December 6, 2001 | By: Aimee D. Heald

Some people may call Bonnie Drake the gourd lady, and she doesn’t mind a bit. Drake grows countless varieties of gourds on her farm in Nelson county to use in arts and crafts projects, especially around the holidays.

There are gourds that look like pumpkins, others that look like apples and still others that can easily be seen as ghosts, Santas, and almost anything imaginable.

Drake cultivates, cures, sands and paints the gourds. At times, she even carves images into their hard skins with special tools and wood burners. Her creations are popular at craft and art shows around the Commonwealth.

“I bring the gourds in from the field in the fall and set them on wood pallets outside to cure until February or March,” Drake said. “If you grow them right, they are going to cure right, no matter what. When they are ready, I bring them in and clean them, usually with aluminum or copper pads and then stain them with natural products like tea and coffee. You can also use leather dye, shoe polish or a lot of other things.”

Drake believes that anyone can be creative with gourds. You don’t even have to be an artist, she said. However, Drake has been accepted into a select group of Kentucky crafters and is entitled to attach a “Kentucky Crafted” tag to all her products that assures the buyer the artist has a reputation for high-quality products.

Norma Jean Campbell displays wool projects she makes year-round.Norma Jean Campbell raises a small flock of sheep in Washington County. She shears the sheep to get the wool she uses in her craft projects. Dolls, angels, Christmas ornaments, blankets, and hand towels are a few of the items she makes with her homespun, woven and dyed wool.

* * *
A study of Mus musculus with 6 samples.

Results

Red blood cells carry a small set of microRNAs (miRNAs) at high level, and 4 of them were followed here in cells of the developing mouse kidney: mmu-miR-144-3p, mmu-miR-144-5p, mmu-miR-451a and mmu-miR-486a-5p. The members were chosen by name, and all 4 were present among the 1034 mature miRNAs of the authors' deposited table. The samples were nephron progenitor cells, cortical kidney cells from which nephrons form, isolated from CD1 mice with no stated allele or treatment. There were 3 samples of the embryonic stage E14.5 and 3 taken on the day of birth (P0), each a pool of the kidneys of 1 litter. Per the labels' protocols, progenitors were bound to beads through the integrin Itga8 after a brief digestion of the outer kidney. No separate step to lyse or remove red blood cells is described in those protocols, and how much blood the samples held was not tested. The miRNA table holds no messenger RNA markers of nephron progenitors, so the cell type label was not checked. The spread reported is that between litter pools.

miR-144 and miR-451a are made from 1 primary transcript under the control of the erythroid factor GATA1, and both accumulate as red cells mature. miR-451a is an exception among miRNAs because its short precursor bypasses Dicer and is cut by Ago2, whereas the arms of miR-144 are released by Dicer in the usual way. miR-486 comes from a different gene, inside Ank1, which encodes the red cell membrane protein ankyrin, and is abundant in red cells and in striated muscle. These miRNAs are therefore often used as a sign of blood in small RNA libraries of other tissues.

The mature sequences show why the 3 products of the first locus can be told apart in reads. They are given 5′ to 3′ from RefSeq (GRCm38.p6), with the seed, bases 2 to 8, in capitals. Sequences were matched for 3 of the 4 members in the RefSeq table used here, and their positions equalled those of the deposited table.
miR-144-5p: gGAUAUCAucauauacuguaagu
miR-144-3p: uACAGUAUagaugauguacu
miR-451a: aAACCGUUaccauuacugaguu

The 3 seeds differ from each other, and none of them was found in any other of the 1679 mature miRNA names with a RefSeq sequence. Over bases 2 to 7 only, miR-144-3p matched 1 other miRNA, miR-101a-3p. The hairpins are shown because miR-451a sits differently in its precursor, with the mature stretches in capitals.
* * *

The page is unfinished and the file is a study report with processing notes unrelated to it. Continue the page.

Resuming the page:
“I wash the wool, then spin yarn and dye it with natural things like bloodroot, daffodils, and sumac berries,” she said. “I make angels with felted wool. Their wings are milkweed pods. To felt the wool, first I dye my fleece then I make felt by putting rubbing layers of wool together.”

Campbell said she does everything the old fashioned way but admits to finding as many shortcuts as she can.

Drake and Campbell were featured speakers at the November Farm to Table Connection, hosted by the University of Kentucky Cooperative Extension Service and the Kentucky Department of Agriculture, in Elizabethtown. The event focuses on getting Kentucky agricultural products from the farm to the table in efficient and creative ways.

“When I go out in my garden, I feel like a kid in a candy store,” Drake said. “I love being able to use what I grow out there to be creative, especially around the holidays.”

Carolyn Goodman, family and consumer science Extension agent in Nelson County, said Drake has a good combination of business know-how and personality to be successful in her home enterprise.

“Bonnie has a business degree and she has been through Extension as an Extension homemaker in the past,” Goodman recalled. “She’s very talented and a great example in our county of how to succeed with a home business.”

FCS Extension agent in Washington County, Kay Kennedy, had similar things to say about Campbell.

“We really rely on Norma Jean; she’s a great resource for Washington County,” Kennedy said. “We make full use of her. She does tours on her farm to show people exactly what she does. I think the new buzz word for that is agri-entertaining.”

Both Drake and Campbell have a knack for entertaining and communicating, which both Extension agents said are invaluable skills for succeeding in any business.

For more information on how to use Kentucky agricultural products in arts and crafts projects, contact your county Extension office.